I’m a big fan of technology. I’ve got iPod’s, iPhone’s, laptops, plasma TV’s, Wii’s, PS3’s and about a dozen other gadgets that I really don’t need. Now it’s been said that too much technology (or too much of anything, for that matter) isn’t a good thing. I’m on the fence there as technology certainly has its benefits, but there’s a down side to that as well. For as long as movies have been around, there have been films that told the tale of the “future” and robots, laser guns and flying cars abounded. When watching “Surrogates”, there are no laser guns or flying cars, but it’s an eerie reminder of what lies ahead might not actually be for the best. Or is it?
Bruce Willis plays Tom Greer, a cop who is tracking the first homicide in years. If that’s the case, I wonder how or why he still has a job but that’s beside the point. Tom, like most everyone else, has a surrogate. In the terms of this movie a surrogate is a robotic version of yourself that you control from the privacy of your own home. Naturally everyone’s surrogate looks like a GQ or Victoria’s Secret model and the world has now become ridden with surrogates. However Tom’s surrogate is damaged, forcing the “real” Tom to leave his house and venture out into the world to do some of his own police work. Will Tom be able to handle this real work and solve the murder or are some things best left unknown?
I’ll admit that “Surrogates” is an interesting premise. But I found several plot holes or inconsistencies that just really left me scratching my head. For example, the humans controlling the surrogates, what do they do all day when their surrogates are at home recharging? How do the humans pay for their place of residence? How do the humans not die of malnutrition or get sick and die themselves? Just a few of the things that I wanted to point out. In the featurettes, it suggests that we’re on the road to developing surrogates of our own and I’m in favor of it ? to an extent. I mean, if we could have a surrogate firefighter or soldier that could take a bullet or save a life while not risking one then that’s excellent, but if the surrogates are like the ones in this movie, well then maybe I should throw my iPod away.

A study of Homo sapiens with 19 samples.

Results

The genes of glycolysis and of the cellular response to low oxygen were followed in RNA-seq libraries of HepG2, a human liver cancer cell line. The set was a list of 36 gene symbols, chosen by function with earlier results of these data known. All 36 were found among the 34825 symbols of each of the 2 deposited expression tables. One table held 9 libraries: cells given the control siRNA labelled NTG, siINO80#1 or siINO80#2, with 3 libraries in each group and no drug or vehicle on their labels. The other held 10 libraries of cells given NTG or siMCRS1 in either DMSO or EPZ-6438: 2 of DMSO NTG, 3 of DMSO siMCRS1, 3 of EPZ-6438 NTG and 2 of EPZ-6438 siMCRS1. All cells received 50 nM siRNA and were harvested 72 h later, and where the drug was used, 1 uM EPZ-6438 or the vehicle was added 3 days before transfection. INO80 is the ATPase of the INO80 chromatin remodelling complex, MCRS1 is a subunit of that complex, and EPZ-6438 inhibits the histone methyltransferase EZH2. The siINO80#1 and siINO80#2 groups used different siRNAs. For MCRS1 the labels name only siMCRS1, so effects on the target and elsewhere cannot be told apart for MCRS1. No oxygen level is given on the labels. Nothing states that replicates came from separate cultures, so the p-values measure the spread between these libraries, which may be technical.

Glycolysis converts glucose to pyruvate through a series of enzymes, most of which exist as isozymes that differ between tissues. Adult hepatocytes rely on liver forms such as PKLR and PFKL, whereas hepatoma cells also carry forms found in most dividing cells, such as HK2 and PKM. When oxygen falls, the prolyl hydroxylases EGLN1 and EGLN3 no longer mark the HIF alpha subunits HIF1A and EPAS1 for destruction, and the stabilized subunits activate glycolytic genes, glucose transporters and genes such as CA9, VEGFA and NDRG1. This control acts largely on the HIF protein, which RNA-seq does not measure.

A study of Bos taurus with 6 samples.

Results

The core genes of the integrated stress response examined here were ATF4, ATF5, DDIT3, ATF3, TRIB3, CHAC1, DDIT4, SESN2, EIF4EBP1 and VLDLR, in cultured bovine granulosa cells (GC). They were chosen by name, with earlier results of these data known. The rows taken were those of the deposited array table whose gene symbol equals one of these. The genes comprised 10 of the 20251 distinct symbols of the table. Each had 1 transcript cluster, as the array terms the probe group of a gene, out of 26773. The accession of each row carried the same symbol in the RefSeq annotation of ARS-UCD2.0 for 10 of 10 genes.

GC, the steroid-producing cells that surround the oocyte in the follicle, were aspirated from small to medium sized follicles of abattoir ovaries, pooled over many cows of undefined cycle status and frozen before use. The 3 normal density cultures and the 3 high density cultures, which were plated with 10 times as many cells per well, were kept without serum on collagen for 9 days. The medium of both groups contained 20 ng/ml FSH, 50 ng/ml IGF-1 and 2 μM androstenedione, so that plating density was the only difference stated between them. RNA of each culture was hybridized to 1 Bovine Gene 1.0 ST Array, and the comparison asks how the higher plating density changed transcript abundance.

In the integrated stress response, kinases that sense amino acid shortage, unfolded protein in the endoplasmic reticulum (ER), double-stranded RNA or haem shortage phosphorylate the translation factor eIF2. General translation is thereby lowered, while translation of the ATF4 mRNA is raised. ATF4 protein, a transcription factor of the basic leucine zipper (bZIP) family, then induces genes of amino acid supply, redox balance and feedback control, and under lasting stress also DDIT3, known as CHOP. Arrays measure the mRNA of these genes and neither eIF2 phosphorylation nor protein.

Video: How does it look?
“Surrogates” comes to Blu-ray in a dazzling 2.40:1 AVC HD transfer. A movie about the future and about “robots” in particular should always look like it’s glossed over and this movie is no exception. Even Bruce Willis’ surrogate is a digitized version of Willis himself (the featurette shows what Willis looks like before the alteration and there’s a definite difference). Detail is sharp and clear and colors are bold and strong. “Surrogates” delivers on the technical levels and the picture is second to none.
Audio: How does it sound?
The DTS HD Master Audio track is included and is strong as well. I don’t recall too many instances of the surrounds kicking in, but a few chase scenes do make the most of the 7.1 channels. Dialogue is thick and rich as well with Willis’ trademark mumbling even being crystal clear. The LFE do get involved from time to time and add a bit of depth to what’s already a fair-sounding track.
Supplements: What are the extras?
Unfortunately not too many supplements are included on this Blu-ray. We get a music video by Breaking Benjamin and a rather dull audio commentary by director Jonathan Mostow. More interesting though is the featurette that looks at the possible “future” of surrogates and our steps towards making those a reality. There’s also a quick look at the visual FX of the film.